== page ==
Despite broad consensus on the existence, origins and potentially catastrophic effects of global warming, a vocal minority continues to question the motives, methods and assumptions of climate scientists sounding the alarm. So when temperature data released by NASA's Goddard Institute for Space Studies (GISS), one of the leading monitors of climate change, showed an unusually warm October, climate change skeptics cried foul.

As it turned out, the GISS data were flawed. The relatively minor glitch was fixed and the figures updated. End of story? Of course not. Climate change skeptic Anthony Watts called the mistake a "data train wreck" in his blog. Global warming denier Christopher Booker, in a column in the U.K.'s conservative Telegraph, called the error a "surreal scientific blunder."

Reality check: GISS climate modeler Gavin Schmidt notes on the blog that the problem occurred because a small but significant percentage of the hundreds of weather stations scattered around the globe mistakenly reported September instead of October temps. Hence, the seeming but erroneously higher global average. In an attempt to highlight the gaffe, Booker declared: "Across the world there were reports of unseasonal [sic] snow and plummeting temperatures last month, from the American Great Plains to China, and from the Alps to New Zealand. China's official news agency reported that Tibet had suffered its 'worst snowstorm ever.'"

What Booker fails to mention—apart from the folly of relying on anecdotal evidence—is that even the corrected figures show one of the hottest Octobers on record. (This fact, and many others pertaining to Booker's article, are neatly addressed by blogger Tim Lambert.) It's also worth noting that Booker was recently dubbed the "patron saint of charlatans" by the left-leaning Guardian newspaper for his views questioning both global warming and the documented health hazards of asbestos, a known carcinogen.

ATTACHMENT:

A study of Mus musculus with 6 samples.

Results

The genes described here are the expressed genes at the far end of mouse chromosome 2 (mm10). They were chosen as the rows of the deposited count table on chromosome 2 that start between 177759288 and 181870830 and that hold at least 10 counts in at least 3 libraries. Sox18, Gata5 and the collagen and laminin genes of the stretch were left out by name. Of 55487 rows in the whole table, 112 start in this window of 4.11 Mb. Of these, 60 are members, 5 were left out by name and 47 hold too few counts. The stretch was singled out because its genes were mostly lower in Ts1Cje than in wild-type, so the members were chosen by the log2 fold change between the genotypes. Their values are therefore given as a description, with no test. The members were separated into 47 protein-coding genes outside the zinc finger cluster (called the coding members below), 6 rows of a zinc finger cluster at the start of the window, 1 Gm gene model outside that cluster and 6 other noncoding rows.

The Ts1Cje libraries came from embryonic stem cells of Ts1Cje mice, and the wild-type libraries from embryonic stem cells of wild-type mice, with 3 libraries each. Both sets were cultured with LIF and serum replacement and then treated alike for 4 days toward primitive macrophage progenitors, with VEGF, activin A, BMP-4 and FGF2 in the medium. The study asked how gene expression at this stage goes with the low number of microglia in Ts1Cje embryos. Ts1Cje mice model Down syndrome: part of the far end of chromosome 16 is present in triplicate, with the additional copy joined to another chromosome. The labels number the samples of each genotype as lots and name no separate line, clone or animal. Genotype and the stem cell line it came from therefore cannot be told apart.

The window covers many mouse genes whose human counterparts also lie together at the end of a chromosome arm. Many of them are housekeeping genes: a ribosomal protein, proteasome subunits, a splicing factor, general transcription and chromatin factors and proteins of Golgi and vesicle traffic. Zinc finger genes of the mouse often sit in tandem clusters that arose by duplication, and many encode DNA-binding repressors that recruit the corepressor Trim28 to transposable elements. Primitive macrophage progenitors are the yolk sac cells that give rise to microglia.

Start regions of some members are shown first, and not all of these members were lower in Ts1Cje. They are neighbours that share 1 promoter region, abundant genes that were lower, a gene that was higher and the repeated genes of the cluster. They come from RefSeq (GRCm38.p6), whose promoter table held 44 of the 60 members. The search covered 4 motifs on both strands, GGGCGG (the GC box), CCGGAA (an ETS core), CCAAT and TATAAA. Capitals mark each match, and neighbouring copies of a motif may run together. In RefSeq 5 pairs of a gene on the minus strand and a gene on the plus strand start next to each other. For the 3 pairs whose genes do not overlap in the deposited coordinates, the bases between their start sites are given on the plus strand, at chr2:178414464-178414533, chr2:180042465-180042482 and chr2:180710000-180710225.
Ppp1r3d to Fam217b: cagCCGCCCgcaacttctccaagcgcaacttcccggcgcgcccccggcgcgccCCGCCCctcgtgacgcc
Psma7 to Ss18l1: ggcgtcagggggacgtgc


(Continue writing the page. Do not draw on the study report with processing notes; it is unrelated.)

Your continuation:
Booker claims that the flub "raised a huge question mark about the temperature records that underpin the worldwide alarm over global warming." Fact: The error was caught and fixed within a matter of days by eagle-eyed bloggers and commenters (Schmidt credits one of Watts's readers with alerting him to the problem) and supports long-published data suggesting that the globe is warming dramatically and will have consequences if it is not slowed or reversed. It's always distressing to discover an error in scientific data, and GISS may consider implementing stricter oversight. The bottom line: these figures were but a minor part of the climate change picture—and did little to change the equation.

The fact remains that October was significant for its high temperatures relative to the historical record. In other words, the example that climate skeptics seized upon to poke holes in the evidence of climate change served only to confirm that the world is warming because of humans' actions.